Within seconds of Shakira and J.Lo taking the stage for their Super Bowl halftime performance, social media exploded with derogatory rants about two of the most powerful female performers in the world. Many people were enraged by the provocative dancing and minimal clothing. As a mom with two very young daughters who used to work in the human rights field, I should have been outraged, but want to know the truth? It did not bother me at all!
In the same week that people canonized Kobe Bryant, Shakira and Jennifer Lopez were lambasted for jumping on a pole and shaking their impressively toned glutes during a fiery halftime show that has brilliantly engendered passionate discussions about both politics and gender equality.
There are currently 60 million Latinos – and growing – in the United States and Sunday’s performance marked the first time that Latino women headlined the halftime show, but since we’re on the subject of Kobe Bryant and idolizing athletes, do you know hard it is to pole dance? I went to a class once in 2008 for a bachelorette party and I left a sweaty mess never to return again. It’s insanely difficult, but J.Lo made it look easy! Shakira and J.Lo are incredible athletes (yes, athletes!) and the amount of discipline and hard work that went into pulling off a performance of that caliber should be an inspiration for everyone. Jennifer Lopez is 50-years-old. I am squatting as I write this piece in the hopes that my derrière is half as impressive when I’m her age!
There has been a lot of talk about the effect of such a performance on our little ones. What exactly – out of the entire sport of football – do we find so offensive about that performance? I love watching football – love, love, love football – but football players as a whole aren’t exactly known for being choir boys. Many high-profile players have faced lengthy suspensions, penalties or jail time for domestic violence, sexual violence, drugs, physical assault, and other serious offenses. There has been more than one NFL player convicted of murder. It can also be a brutal game – and one in which there are currently no professional female football players – so as a sport, I’m not exactly looking to football as my benchmark for female empowerment. Shakira’s booty, conversely, doesn’t particularly bother me when watching football.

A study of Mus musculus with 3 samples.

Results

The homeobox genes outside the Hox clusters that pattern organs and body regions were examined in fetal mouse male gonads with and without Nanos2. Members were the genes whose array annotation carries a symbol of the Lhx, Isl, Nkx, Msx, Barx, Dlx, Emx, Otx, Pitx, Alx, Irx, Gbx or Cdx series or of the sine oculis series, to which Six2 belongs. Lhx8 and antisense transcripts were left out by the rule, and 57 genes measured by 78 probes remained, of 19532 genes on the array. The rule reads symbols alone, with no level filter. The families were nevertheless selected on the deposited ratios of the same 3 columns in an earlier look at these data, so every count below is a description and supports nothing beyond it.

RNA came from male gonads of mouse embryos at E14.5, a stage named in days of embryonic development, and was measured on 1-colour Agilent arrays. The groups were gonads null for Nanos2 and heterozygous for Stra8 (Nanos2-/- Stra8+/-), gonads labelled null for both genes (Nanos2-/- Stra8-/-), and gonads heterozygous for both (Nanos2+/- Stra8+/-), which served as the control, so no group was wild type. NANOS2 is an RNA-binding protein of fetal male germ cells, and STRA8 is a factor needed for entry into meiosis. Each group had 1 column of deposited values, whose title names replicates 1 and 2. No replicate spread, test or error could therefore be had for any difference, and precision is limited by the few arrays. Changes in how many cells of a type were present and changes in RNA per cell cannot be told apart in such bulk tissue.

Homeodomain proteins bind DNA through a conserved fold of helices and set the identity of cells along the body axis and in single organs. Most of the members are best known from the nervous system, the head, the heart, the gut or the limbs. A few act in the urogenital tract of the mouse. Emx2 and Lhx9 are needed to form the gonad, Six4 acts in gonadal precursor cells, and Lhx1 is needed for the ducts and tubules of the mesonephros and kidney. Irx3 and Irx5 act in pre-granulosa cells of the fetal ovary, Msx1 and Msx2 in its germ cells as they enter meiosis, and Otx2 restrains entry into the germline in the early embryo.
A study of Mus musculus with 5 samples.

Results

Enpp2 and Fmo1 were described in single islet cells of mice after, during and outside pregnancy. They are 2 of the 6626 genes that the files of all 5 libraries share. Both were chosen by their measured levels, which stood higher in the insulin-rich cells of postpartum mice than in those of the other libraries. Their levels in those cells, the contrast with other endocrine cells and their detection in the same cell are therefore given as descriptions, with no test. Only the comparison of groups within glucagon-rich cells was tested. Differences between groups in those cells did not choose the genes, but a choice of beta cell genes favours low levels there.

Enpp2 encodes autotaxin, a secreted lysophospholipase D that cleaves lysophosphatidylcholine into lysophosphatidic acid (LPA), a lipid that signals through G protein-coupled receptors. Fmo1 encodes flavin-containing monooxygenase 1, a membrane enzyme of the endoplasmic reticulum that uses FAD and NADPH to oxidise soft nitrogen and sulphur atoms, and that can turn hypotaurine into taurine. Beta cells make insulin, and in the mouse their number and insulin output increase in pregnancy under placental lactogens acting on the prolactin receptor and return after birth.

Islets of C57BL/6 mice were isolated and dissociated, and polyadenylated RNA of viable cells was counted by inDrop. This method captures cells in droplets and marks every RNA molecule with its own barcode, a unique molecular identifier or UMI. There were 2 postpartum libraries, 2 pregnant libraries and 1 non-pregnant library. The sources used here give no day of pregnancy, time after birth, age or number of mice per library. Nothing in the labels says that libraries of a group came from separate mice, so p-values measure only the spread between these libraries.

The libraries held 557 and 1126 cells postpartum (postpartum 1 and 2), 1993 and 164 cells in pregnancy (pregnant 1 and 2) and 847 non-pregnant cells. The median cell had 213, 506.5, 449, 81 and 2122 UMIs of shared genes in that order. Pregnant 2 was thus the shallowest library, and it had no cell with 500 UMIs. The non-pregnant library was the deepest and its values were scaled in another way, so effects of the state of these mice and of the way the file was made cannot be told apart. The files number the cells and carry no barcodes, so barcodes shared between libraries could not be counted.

Taking a step back from the actual performance, Shakira and J.Lo are pretty impressive #MomBosses with two children each. Lopez is a sexual violence survivor with an extensive philanthropic resume who disclosed her experience with sexual harassment as part of the #MeToo movement and the Time’s Up movement. Shakira is a UNICEF Goodwill Ambassador who has tirelessly worked to provide education to underprivileged children throughout the world. Shakira and J.Lo are two of the richest and most influential women in the world and these women are paving the way for a future generation of women to kick butt and take names on their own terms.
Was their performance sexual? Perhaps, but so was Adam Levine’s last year. Was their performance politically provocative? Possibly, but isn’t a healthy political debate a good thing in an election year? Women disparaging one another are beyond disappointing, so let’s all collectively release the clutch on our pearls and the pitchforks in our hands to embrace this powerful performance.